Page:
Ewan McIntosh reports in his latest post, “Scotland Has Been Blogging for 5 Million Years,” that Scotland is leading the pack in terms of the number of educators using Web 2.0 applications. He states that “its education system is arguably using proportionally more social bookmarking, online video sharing, image sharing, wikis, feed readers and blogs than any other country in the world.” McIntosh outlines in great detail Scotland’s position as the harbinger of education to the world. Coupling this history with the country’s own cultural mythology and innovative spirit, he makes a solid case for why, as a general rule, Scotland’s educational community has largely embraced social networking and the use of Web 2.0 technology while many other countries are still waging grass roots campaigns for its acceptance. I have come to enjoy Ewan’s blog very much, and I value his perspective on pretty much all things Web 2.0. I know I’m the only one in my school right now pushing Web 2.0. So it would seem, that in my little neck of the woods (ok, orange groves) his take on Scotland leading the Web 2.0 revolution may just be spot on.
Many of us here in the States, and some of you abroad, have been involved lately in extensive conversations on the issue of educators being slow to hear about much less adopt online social networking technologies. When I first heard about Moodle, I quickly learned of the wonderful progress Australia and New Zealand were making with it in their educational efforts. Moreover, I learned that students in these regions were truly being encouraged to actively participate in taking ownership of their own education! My first impression was that once again, the US educational system was being outclassed. Further discovery and conversations with area experts painted a slightly brighter picture, as I learned that there are numerous US educators using Moodle, Drupal, blogs, wikis, podcasting to enhance the learner experience. But are we doing enough?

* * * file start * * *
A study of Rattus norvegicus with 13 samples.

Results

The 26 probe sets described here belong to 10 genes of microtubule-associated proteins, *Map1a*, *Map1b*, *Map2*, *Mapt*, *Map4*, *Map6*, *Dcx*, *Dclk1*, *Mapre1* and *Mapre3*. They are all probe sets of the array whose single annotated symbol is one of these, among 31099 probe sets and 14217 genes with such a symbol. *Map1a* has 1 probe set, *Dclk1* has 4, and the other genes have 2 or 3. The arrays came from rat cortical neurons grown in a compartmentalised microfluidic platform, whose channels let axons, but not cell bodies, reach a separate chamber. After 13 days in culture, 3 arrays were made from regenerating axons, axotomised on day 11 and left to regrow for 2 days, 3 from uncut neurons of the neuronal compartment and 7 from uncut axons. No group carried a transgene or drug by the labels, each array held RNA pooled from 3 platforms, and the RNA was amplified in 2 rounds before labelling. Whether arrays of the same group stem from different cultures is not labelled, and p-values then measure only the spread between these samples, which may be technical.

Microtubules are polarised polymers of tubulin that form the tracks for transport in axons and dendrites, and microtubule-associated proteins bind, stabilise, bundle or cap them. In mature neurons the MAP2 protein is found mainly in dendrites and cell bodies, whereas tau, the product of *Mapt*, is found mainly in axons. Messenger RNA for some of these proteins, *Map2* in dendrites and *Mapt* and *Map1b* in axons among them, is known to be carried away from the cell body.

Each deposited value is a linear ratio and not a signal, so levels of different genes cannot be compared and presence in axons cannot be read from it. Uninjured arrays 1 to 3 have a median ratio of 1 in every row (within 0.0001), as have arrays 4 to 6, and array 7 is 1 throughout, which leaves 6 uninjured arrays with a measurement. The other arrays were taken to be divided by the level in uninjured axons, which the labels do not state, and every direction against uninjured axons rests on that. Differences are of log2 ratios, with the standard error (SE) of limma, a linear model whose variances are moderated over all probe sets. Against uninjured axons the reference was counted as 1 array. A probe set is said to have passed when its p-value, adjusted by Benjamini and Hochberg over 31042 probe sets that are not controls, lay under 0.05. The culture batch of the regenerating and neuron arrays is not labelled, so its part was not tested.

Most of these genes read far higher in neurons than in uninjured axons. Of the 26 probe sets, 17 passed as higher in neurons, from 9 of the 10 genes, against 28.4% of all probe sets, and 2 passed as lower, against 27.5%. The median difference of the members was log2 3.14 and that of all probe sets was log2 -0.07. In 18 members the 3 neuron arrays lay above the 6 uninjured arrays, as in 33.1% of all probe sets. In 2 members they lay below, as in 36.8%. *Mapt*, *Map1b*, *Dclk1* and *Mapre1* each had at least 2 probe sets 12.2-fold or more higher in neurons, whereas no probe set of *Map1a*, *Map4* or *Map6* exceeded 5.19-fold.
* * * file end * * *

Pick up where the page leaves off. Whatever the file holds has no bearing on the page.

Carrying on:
David Warlick’s July 26th article detailing his findings regarding first year teachers and their familiarity with Web 2.0 technology painted a picture that seemed less optimistic than it was in all actuality. After stating that only two in attendance were bloggers, RSS was a mystery, and virtually no one knew what a wiki was, he followed up by saying that:
“It’s not a bad thing that these beginning teachers hadn’t heard of Web 2.0. They’re certainly doing it. Most of them IM, and have MySpace or Facebook (etc.) sites. They communicate online with individuals and groups, and they’ve used these conversations to teach and learn, though they probably haven’t thought of it that way.”
This leaves me with a feeling of hope. But hey, I’m a pretty optimistic guy! I guess I just believe that one by one, as the collaborative online learning and networking mechanism powers up in more and more classrooms, we’ll keep heading in the right direction – towards all things Web 2.0 settling into the realm of tried and true versus novel and experimental. Like many of the educators I have come to call friends and colleagues over the past couple of months, I will be starting and maintaining a consistent grass roots effort on my school campus. If I can encourage five teachers at Boone Middle School in Haines City, Florida to reach out to the world via even one community authored blog and a shared wiki (heck, throw in a podcast .. who knows!?), then that’ll be my little success story for the year. For if they in turn do the same, I think we might find ourselves making progress after all.